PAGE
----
Has Identity Politics Diminished in the Post-LTTE Peace-Build ...

  • Author(s): Tanay Katiyar, Anurag Velury
  • Publisher: Common Ground Research Networks
  • Collection: Common Ground Research Networks
  • Series: Global Studies
  • Journal Title: The Global Studies Journal
  • Keywords: Ethnic Identity, Peace-Building, Identity Politics, Civil War, Identity
  • Volume: 11
  • Issue: 4
  • Year: 2018
  • ISSN: 1835-4432 (Print)
  • DOI: https://doi.org/10.18848/1835-4432/CGP/v11i04/49-56
  • Citation: Katiyar, Tanay , and Anurag Velury. 2018. "Has Identity Politics Diminished in the Post-LTTE Peace-Building Process in Sri Lanka?." The Global Studies Journal 11 (4): 49-56. doi:10.18848/1835-4432/CGP/v11i04/49-56.
  • Extent: 8 pages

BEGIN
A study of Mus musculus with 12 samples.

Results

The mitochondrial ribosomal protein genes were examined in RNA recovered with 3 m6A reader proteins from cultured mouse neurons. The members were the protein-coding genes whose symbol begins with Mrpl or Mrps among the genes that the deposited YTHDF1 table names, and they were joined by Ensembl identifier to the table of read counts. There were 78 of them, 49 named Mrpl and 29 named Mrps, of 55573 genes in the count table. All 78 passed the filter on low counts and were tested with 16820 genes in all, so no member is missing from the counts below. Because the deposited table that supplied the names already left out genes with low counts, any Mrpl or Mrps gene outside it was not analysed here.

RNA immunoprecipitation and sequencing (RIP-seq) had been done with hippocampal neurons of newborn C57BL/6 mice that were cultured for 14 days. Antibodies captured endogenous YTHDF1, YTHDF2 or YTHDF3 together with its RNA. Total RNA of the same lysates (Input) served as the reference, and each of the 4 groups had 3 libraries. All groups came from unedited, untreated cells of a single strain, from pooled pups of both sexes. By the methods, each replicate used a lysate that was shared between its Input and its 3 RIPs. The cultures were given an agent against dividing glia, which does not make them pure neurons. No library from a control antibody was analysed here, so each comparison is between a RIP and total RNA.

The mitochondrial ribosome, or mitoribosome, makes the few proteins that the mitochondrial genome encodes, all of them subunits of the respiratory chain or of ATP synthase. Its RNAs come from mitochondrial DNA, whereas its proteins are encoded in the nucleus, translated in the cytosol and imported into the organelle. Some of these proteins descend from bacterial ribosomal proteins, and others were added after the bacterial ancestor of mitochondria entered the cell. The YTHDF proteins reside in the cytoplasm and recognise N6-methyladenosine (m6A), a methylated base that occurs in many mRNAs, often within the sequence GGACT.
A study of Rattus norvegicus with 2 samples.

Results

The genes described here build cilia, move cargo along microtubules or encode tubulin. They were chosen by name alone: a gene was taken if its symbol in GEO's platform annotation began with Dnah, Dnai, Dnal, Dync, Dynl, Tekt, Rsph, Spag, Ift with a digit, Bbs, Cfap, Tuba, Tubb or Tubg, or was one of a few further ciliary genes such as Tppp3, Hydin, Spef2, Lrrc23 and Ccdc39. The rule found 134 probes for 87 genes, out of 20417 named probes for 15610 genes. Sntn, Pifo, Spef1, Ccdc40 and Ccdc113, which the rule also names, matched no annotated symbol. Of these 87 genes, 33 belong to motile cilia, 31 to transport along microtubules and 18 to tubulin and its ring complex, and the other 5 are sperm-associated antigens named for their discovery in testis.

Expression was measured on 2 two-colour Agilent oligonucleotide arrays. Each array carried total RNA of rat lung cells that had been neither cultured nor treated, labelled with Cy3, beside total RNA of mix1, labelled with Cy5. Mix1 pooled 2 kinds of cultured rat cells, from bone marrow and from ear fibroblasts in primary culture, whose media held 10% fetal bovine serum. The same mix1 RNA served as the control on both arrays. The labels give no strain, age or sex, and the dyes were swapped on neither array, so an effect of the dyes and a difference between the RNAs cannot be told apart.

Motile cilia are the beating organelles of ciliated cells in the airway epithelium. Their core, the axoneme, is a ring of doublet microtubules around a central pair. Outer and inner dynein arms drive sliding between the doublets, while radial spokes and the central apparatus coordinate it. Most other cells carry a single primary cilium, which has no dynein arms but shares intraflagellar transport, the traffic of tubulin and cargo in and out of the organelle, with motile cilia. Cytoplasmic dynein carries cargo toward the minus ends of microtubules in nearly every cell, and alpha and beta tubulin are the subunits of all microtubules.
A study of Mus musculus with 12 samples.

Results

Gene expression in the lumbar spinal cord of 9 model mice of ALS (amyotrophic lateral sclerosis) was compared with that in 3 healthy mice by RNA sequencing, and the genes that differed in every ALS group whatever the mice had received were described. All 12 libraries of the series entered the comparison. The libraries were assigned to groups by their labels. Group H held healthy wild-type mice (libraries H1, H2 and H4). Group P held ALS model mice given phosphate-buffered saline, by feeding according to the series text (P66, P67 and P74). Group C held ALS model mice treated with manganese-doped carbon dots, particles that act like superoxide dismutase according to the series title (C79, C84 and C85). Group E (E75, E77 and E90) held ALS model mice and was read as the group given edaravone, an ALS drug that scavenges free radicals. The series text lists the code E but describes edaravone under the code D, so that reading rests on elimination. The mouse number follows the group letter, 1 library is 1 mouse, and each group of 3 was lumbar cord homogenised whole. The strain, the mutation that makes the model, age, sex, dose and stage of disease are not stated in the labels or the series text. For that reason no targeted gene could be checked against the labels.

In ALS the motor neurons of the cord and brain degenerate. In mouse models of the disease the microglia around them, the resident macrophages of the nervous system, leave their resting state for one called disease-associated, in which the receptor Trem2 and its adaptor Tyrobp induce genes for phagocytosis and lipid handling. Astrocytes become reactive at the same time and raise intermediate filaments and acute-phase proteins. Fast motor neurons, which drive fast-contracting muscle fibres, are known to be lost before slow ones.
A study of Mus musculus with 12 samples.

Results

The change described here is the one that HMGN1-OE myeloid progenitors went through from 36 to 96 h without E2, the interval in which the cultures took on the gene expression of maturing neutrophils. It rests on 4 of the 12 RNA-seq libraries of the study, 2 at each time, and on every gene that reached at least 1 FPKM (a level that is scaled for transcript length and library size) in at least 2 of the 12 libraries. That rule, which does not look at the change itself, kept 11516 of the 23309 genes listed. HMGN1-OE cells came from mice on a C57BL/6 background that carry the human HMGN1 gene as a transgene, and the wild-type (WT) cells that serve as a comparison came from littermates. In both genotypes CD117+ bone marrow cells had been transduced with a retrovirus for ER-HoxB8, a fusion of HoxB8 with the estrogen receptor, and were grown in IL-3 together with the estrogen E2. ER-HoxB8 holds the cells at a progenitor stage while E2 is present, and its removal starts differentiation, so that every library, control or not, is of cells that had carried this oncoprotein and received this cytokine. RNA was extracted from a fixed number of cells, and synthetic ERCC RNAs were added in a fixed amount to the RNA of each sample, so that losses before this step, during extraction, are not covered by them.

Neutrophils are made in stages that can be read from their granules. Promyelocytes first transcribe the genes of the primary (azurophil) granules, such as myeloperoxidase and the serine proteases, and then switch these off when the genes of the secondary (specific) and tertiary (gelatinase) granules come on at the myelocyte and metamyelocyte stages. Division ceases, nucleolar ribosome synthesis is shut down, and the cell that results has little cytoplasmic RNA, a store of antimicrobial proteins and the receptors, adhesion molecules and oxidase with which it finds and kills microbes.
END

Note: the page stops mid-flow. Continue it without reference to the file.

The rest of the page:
The Sri Lankan Civil War (1983–2009) that lasted for almost three decades had its domestic, regional, and global ramifications. But the end of the cessation movement has equally posed enormous challenges given the urgent need to provide immediate relief and rehabilitation for nearly 300,000 Internally Displaced Person(s) (IDPs) and reintegration of 12,000 ex-Liberation Tigers of Tamil Eelam (LTTE) cadres into civil society. Resolution of these issues has been argued to be nearly successful. However, the major challenge in the long term is building peace and harmony in Sri Lankan society. The civil war may have formally ended, but the root causes of the conflict still remain. Sri Lanka has experienced negative peace since 2009, i.e. absence of war and violence, but little or no promotion of harmony and peace. The transition of the nature of the cause of the conflict from one involving ethnic identity to satisfying ulterior political motives has only led to further marginalisation of the resident Tamilian population. Rehabilitation measures taken by the government have been met with skepticism by the affected, as they believe that domestic measures are not doing them proper justice. The article aims to discuss how the concept of ethnic identity and the feeling of ethnic “separatism” play a vital role in the peace-building process that is still underway in present day Sri Lanka. Further deliberations include how identity politics (employed in domestic politics) still plays a role in the peace-building process in the post conflict scenario, or whether its role has downscaled further? The methodology employed in this study is based on an extensive analysis of secondary research data comprised of empirical observations made by agencies like the United Nations (UN) and Centre on Conflict, Development and Peacebuilding (CCDP).